Zimbabwean musician Vusa Mkhaya rubbed shoulders with 400 of Africa’s most celebrated musicians in Tanzania where he was part of the annual Sauti za Bisara music festival that ended in Zanzibar on Sunday.
Rated as one of the most exciting music festivals in East Africa, the Sauti za Bisara festival had its eighth edition this year. It ran from Wednesday to last night.
In an interview with NewsDay, the Bulawayo-born musician said he was inspired by the need to foster African culture through music and dance, and was working wholeheartedly on improving people’s appreciation of traditional African music.
“Some traditional forms of expression are already being threatened with extinction as people, mostly youngsters, prefer modern, predominantly Western cultural forms. As Africans we need to proudly excel in expressing ourselves in our own ways,” said Mkhaya
“At the same time, we cannot turn a blind eye to the new forms of expression as they also bring about new avenues and prospects for Africans.
“It is thus essential to pursue African music genres that will match international standards and appeal to people across races.”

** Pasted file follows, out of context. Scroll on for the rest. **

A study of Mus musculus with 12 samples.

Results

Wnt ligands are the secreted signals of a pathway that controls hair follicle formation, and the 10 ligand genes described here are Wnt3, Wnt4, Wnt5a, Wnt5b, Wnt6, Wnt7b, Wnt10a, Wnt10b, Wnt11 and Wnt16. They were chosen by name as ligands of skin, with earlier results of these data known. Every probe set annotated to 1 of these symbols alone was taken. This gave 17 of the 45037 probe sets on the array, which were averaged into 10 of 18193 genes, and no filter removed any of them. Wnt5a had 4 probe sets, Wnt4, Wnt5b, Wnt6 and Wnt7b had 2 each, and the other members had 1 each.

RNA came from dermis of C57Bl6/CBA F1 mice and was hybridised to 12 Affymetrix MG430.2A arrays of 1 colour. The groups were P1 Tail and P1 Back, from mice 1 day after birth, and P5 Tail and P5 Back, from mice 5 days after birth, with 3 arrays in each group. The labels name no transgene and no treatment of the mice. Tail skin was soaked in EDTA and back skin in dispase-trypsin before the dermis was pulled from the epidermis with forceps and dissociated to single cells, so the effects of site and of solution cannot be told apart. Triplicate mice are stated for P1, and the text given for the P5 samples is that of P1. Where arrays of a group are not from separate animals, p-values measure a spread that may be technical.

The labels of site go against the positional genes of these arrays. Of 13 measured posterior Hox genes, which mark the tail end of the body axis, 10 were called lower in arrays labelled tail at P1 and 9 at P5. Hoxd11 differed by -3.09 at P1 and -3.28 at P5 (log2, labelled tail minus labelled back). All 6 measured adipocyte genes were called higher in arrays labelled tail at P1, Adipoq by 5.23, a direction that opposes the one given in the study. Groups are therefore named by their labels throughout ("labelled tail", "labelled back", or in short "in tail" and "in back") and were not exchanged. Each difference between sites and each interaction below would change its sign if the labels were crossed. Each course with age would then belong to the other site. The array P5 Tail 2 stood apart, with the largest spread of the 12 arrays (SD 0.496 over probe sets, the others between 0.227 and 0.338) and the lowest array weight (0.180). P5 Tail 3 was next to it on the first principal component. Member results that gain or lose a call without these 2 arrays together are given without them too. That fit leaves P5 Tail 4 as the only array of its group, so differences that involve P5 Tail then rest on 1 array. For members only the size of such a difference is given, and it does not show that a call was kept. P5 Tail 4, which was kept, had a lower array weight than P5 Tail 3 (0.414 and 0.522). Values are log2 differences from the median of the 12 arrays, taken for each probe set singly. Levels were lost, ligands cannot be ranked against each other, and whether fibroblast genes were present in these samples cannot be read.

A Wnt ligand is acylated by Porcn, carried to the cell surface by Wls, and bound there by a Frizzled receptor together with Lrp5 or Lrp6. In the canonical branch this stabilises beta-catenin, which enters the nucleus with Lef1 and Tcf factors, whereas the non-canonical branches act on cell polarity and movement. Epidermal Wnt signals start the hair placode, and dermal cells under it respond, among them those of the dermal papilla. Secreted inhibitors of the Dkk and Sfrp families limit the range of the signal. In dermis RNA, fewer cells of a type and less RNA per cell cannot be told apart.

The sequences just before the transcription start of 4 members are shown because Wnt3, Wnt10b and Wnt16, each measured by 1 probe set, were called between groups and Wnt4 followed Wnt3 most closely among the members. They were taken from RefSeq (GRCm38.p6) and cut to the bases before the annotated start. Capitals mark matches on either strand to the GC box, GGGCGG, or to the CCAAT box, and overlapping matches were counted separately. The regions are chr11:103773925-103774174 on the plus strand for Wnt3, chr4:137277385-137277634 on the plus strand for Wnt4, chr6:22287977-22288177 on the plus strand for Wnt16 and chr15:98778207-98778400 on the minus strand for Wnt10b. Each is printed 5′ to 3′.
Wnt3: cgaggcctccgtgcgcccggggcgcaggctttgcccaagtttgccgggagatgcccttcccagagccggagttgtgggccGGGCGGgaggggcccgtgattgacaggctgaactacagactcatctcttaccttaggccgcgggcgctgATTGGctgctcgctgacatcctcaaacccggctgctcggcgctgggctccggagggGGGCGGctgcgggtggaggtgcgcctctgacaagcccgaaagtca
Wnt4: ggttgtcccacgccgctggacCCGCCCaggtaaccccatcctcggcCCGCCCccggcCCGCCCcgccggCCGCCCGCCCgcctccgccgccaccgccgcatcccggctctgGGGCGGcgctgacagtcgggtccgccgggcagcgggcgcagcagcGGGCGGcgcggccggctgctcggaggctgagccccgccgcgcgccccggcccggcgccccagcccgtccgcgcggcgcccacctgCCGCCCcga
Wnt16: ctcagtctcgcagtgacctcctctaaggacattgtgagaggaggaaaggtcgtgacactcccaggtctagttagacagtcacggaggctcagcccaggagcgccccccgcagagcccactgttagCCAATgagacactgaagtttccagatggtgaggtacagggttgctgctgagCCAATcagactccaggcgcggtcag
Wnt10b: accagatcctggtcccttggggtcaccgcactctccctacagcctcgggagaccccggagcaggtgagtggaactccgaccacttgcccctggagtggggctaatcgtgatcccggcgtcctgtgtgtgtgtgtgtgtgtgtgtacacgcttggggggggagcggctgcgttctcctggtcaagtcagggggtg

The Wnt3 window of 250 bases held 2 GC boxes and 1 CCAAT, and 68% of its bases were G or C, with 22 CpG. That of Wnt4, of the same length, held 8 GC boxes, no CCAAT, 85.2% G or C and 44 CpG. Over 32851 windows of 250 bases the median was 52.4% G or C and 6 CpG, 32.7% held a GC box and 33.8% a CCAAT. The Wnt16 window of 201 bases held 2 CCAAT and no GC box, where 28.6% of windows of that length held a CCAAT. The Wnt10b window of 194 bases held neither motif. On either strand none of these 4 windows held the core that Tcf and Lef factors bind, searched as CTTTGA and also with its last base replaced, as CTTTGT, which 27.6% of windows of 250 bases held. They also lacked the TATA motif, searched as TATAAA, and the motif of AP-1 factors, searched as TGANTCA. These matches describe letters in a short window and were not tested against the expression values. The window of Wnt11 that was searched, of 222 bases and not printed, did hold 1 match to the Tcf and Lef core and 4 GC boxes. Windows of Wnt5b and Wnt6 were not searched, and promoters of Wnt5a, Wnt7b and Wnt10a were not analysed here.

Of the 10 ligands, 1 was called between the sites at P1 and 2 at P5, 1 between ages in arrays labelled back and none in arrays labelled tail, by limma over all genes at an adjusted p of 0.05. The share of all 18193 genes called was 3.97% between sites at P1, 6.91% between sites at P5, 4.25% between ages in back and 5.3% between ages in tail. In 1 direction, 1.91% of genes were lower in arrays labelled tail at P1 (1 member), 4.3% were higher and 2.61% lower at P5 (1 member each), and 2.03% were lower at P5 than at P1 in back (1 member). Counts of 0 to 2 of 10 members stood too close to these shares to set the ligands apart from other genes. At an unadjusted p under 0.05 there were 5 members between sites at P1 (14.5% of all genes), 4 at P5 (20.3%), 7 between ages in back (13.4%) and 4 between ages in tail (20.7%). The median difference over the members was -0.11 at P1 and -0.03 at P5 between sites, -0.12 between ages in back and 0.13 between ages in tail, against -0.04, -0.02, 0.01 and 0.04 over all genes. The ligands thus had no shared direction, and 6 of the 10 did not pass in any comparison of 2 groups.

Mkhaya and his band are based in Vienna, Austria, and are known for their lively and energetic stage performances.
The band has members from Zimbabwe, the Democratic Republic of Congo (DRC), Austria and Germany and their diverse backgrounds have allowed them to weave an international musical magic that is highly enjoyable and undeniably groovy.
In an official statement, festival director Yusuf Mahmoud said music festivals played an integral role in bridging the gap between people and nations and also helped in promoting tourism.
“Festivals invigorate young people’s interest in local culture, give opportunities for artists and music professionals to meet and learn from each other, keep traditions alive, create employment for local people and promote Zanzibar as a tourist destination.”
Other artists at the festival came from Tanzania, Uganda, the DRC, Ivory Coast and Senegal.
While promoting and preserving the music and cultural heritage of Zanzibar, Sauti za Bisara is playing its part in strengthening appreciation for music from all over Africa, promoting peace and social cohesion.
Some groups that performed at the festival are Orchestre Poly Rythmo de Cotonou (Benin), Blick Bassy of Cameroon, Otentikk Street Brothers from Mauritius, African Stars Band aka Twanga Pepeta (Tanzania), Mlimani Park Orchestra (Tanzania), Kwani Experience from South Africa and Zanzibar’s Culture Musical Club.